Director of the Carter G. Woodson
Center for Interracial Education
How do you think Berea’s commitment to interracial education works to serve the Appalachian community or region?
I think Berea recognizes the changing nature of Appalachia. It recognizes that other than the popular stereotypes we see of Appalachians, there is a cultural diversity that has always existed in the region. It encourages and celebrates that diversity.
The term interracial is odd. Berea is one of the few places that really uses that term. Everybody is drifting toward the use of the term multiculturalism or diversity, the new buzz words. But I really like interracial because it forces us to confront a cultural bias. While we say in the motto, “God hath made of one blood all peoples of the earth,” the term interracial highlights a problem by implying that there is more than one race. But I think it just reflects a cultural bias. We, in our culture, have accepted that people are different, that we have different races. At Berea, we try to live up to the motto, which is inclusive, but use the term “interracial” which implies a separation to make us aware of how our society has constructed us to think that people are different, that there are different races of people on the planet as opposed to one race, the human race. And it also reminds us how we still are not able to really get along with each other because we give race so much power and authority over us and how we react to other human beings. Race is a very powerful thing. We don’t talk about it, we don’t understand it, and in many ways we are afraid of it. To be able to get people to try to think differently and see folks beyond their skin is a big task. I applaud Berea for keeping the term interracial as part of its discourse.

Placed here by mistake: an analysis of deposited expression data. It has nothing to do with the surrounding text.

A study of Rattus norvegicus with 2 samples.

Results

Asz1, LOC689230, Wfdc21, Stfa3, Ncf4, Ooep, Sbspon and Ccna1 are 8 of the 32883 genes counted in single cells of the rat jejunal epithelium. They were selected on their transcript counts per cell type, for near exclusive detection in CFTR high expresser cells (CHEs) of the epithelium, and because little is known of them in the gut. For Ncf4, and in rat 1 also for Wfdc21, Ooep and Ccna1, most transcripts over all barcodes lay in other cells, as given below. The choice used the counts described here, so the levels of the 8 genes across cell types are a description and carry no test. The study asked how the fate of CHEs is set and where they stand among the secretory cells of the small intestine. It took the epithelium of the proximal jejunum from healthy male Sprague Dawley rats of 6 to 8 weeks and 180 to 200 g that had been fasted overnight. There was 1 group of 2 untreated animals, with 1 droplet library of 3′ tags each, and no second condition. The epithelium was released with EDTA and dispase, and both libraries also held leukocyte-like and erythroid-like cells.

I’ve not met many people on campus who haven’t tried in some fashion to integrate interracial education and the thought of it into their curriculum. There are still places where we could be better, but I think overall the campus buys in to the idea that interracial education is real and needed. We also acknowledge where we are not at our best and we are willing to find ways to be better. When people have an interest in developing interracial education, but lack the skill set to do so, we at the Woodson Center can step in and collaborate with them.
How could Berea College improve on its service to the community through interracial education? How is it already excelling?
I think our push to incorporate more diverse faculty and staff needs to catch up with our efforts to create a more diverse student body, which is an area where the college has done a good job. I also hope we can expand the programming like our Martin Luther King Day Celebrations and internships that we make available to the community. I didn’t realize how much the community depends on the college until I started to get calls asking “what we are doing” and “how can I support it?” from people in Madison County and other places. So, I hope to see more development in this area, just as I hope we continue our efforts to engage a more diverse teaching faculty and staff. We need to continue to work hard to open all aspects of our community where there is a lack of diversity. I think we are making this effort. We just have to keep pushing and not lose sight of our goals.